Written by: Jack Hill, Luis Enrique Vergara
Directed by: Jack Hill, Juan Ib‡–ez
MPAA Rating: NR
Running Time: 89
Date: 01/01/1968

Fear Chamber (1968)

3 Stars (out of 4)

Brain Food

By Jeffrey M. Anderson

Fear Chamber embodies everything that's great about "B" movie ingenuity. In 1968, American director Jack Hill (Spider Baby) was hired to write four scripts for Boris Karloff. The ailing Karloff could only shoot for a limited time on a sound stage in Los Angeles, while the rest of the films were to be "filled in" by another crew in Mexico.

Director Juan Ib‡–ez "completed" the films, which included Snake People, House of Evil and The Incredible Invasion, though those titles have been changed multiple times over the years to fool gullible drive-in audiences into seeing them again.

In Fear Chamber, Karloff plays a scientist looking for "crystallized intelligence." He gets to sit in his lab while his daughter (Julissa) and another young scientist, Mark (Carlos East) search for it. They find it and bring it back, but soon discover that it feeds on a particular chemical generated by the human body while terrified. So the good doctor and his creepy assistants set up a kind of "haunted house," in which they frighten kidnapped young women and siphon the needed chemical from their bodies.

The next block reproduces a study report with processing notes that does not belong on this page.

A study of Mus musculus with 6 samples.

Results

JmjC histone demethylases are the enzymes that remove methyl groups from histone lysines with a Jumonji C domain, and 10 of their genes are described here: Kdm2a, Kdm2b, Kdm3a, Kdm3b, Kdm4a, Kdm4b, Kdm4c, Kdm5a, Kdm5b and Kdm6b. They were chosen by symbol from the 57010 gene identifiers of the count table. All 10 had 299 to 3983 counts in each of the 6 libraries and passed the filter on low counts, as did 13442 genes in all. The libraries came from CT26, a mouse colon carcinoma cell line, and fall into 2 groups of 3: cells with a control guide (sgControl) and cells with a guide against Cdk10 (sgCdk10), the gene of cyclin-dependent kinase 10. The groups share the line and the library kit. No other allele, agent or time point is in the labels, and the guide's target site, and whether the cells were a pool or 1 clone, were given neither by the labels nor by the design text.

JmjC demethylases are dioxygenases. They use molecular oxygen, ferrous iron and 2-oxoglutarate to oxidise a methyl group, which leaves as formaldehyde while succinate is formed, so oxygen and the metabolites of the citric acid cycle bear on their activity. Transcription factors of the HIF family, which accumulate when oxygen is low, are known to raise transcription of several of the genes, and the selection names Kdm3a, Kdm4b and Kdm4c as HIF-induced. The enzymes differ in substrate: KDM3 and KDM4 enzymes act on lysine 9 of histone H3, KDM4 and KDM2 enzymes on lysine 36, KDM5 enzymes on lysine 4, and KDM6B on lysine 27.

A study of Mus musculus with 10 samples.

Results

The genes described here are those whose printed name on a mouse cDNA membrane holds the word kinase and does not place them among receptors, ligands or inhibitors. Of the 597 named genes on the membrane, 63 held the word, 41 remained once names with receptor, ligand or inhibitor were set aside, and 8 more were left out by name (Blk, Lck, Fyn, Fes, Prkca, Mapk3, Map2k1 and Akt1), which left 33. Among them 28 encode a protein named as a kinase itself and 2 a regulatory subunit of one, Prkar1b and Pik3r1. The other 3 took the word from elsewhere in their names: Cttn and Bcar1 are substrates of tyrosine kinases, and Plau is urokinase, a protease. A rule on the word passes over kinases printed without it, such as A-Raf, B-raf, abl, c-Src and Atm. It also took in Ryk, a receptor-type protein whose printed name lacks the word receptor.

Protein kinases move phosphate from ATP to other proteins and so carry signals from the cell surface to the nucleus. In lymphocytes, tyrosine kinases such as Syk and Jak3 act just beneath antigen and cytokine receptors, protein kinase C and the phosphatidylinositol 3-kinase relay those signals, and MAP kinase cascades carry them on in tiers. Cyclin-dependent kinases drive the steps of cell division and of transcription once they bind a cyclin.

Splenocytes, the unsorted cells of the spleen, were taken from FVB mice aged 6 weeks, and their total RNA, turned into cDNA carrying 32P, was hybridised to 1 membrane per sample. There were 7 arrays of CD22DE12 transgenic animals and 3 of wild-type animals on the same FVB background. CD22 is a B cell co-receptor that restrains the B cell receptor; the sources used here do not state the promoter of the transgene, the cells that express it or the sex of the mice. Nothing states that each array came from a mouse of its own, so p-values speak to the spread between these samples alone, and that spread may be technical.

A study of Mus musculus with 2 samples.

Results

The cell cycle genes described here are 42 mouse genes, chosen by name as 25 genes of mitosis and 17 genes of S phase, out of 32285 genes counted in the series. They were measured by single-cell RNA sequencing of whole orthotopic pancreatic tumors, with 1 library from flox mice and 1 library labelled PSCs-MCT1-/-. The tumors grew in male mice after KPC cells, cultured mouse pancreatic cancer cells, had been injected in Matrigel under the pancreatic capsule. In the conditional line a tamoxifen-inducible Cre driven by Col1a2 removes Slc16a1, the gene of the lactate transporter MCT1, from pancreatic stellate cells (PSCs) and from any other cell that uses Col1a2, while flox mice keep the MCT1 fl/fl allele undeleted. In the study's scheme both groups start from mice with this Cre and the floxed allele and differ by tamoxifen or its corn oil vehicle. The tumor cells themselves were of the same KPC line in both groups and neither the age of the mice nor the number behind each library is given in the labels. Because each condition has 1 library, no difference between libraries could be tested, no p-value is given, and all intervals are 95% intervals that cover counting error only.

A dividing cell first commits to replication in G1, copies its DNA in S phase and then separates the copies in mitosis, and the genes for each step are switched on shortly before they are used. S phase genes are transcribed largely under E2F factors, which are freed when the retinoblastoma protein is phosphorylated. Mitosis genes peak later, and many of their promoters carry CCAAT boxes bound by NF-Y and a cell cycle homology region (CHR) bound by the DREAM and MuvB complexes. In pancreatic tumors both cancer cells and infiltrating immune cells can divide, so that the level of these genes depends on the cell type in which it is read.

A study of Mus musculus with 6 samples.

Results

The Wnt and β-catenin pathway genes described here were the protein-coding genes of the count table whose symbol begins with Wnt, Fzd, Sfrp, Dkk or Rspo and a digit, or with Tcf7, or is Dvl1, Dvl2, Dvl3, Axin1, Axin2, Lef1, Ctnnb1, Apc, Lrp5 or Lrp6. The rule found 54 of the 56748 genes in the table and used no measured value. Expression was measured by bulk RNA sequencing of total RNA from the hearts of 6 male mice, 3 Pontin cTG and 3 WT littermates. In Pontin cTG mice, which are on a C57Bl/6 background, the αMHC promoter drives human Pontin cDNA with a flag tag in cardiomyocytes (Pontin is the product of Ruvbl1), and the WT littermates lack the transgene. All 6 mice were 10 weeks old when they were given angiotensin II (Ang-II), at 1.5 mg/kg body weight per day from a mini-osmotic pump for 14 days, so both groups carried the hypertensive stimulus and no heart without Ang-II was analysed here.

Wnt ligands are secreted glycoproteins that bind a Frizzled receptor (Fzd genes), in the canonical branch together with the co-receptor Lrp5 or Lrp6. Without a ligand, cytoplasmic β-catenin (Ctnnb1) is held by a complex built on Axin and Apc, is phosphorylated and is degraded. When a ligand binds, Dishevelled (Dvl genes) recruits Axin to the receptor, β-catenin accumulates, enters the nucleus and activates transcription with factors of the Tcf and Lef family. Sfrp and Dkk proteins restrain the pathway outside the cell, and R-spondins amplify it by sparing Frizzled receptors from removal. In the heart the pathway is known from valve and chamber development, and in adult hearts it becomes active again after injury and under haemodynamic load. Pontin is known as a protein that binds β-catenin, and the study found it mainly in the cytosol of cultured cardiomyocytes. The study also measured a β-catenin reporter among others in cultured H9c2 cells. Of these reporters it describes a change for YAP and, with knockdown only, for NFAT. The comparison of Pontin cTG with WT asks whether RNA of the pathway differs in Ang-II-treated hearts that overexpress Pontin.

Oddly, this amazingly far-fetched set-up makes for a great evening's good-bad entertainment. There is far too much expository dialogue, and none of the other actors can even match Karloff's skill, much less his screen presence, but the color photography is quite striking and the old-fashioned haunted house lends itself to a kind of comforting, giddy chill.

Karloff shot one other movie around this same time, Peter Bogdanovich's Targets (1968), which would make an excellent double bill paired with this one.

DVD Details: Elite's new DVD comes letterboxed, with the 89-minute American edit. As a bonus, it also comes with the nude scene that the American censors originally cut out. Jack Hill provides an unusually informative commentary track, and there are two audio mixes to choose from.